When they finally arrived at the station it was well past ten o'clock at night. An exhausted Father Ignatius took a taxi to his hotel.
It was a small inn, which is all he could afford. Most of the staff had gone and the kitchen was closed. There wasn't even a porter to carry his luggage. The night-receptionist gave him a key and told him to go up to the third floor.
When he got to his room the priest turned the key in the lock but the door would not open. He tried again, and again, to no avail. It was as if the door was locked from inside. He was about to give up, and face the long journey down the stairs again, when suddenly the door opened.
Standing there in her night clothes was a young woman holding tight at her dressing gown. Rather foolishly she had opened the door.
"What do you want?" she said.
He looked at his key and the door number and, "I ... I ... I believe this is my room!" he muttered showing her his key.
"Who are you?" she asked, ignoring his explanation, and closing the door slightly.
"I'm Father Ignatius ..." he replied touching his neck and realising he did not have his white collar.
"Father? Father?" she repeated, getting somewhat agitated, "you're not my father!"
"I'm a priest," he replied picking up his luggage from the floor and deciding to leave, "I'll check with the receptionist. I'm sure all will be well in the end."
"That's what they all say," she cried, "my solicitor, my friends ... everyone ..." and she started crying.
He realised that the wise thing to do is stand still and say nothing. Let her cry until she calmed down. After a minute or so she said, "go away!" and shut the door.
The next morning he was at his table finishing breakfast in the dining room. She entered the room and made a bee-line to his table. As she approached, he stood up. It was a courtesy his mother had impressed on him years ago when he was a little boy. "Always stand up in such occasions," she taught.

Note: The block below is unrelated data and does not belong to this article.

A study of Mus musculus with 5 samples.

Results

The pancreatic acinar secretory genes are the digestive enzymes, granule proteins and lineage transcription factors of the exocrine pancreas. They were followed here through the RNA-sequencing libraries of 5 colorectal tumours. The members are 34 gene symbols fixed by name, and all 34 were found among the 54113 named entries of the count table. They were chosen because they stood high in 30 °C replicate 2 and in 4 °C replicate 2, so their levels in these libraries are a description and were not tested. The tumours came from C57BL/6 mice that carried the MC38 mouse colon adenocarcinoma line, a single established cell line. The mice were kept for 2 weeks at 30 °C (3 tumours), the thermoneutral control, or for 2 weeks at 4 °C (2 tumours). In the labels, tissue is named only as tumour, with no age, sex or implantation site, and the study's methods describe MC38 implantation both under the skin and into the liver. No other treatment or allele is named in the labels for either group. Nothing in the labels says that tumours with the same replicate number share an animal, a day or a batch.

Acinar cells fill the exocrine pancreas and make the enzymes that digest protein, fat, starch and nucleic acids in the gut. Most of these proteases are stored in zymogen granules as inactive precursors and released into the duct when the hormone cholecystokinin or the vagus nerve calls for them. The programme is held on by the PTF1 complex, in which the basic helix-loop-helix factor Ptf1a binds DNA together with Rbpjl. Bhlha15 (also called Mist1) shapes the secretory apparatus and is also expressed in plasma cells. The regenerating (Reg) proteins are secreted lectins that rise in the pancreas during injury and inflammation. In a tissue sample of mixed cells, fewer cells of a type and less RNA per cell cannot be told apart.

"May I join you?" she asked.
As they sat down, she continued, "I wish to apologise for my bad behaviour last night!"
Not the sort of statement a priest would like overheard in a crowded dining room; especially since now he had his clerical collar on.
She explained that she was in town to go to Court to fight for custody of her son. Her husband cheated on her and she was going through a most acrimonious divorce. When she was at work, he called at home and took away their son who was being cared for by the nanny. She had not seen him for two years. Her husband, a rich businessman, had argued in Court that she was not a fit mother to look after the two year old boy.
She was struggling to hold back her tears. After several legal attempts this was perhaps her last chance to regain her son whom she had lost. In the bitter divorce that ensued he had become an unwilling pawn to be used in the battle between them.
The priest said a silent prayer then, hesitantly, because he did not know the woman or her beliefs or religion, he said, "I believe there is a higher power who is in control of everything He has created. We call Him God. What I would advise is that you trust Him. You may not believe in God, but somehow, if you possibly can, trust Him. I'll do the believing on your behalf. Trust Him, that His will be done. Whatever His will is!"
He doubted that what he said did help her. She did not say much. She thanked him and left the table without having breakfast.
About two months later or so, when he was back at his Parish church of St Vincent, he received a letter containing a generous cheque.
She said she had got his name and address from the receptionist at the hotel. She had won the Court hearing and little Timothy was restored back to her with the father having visiting rights. She added, "you were right that night at my door when you said all will be well in the end".
She promised to visit Father Ignatius with her son next time she was in town.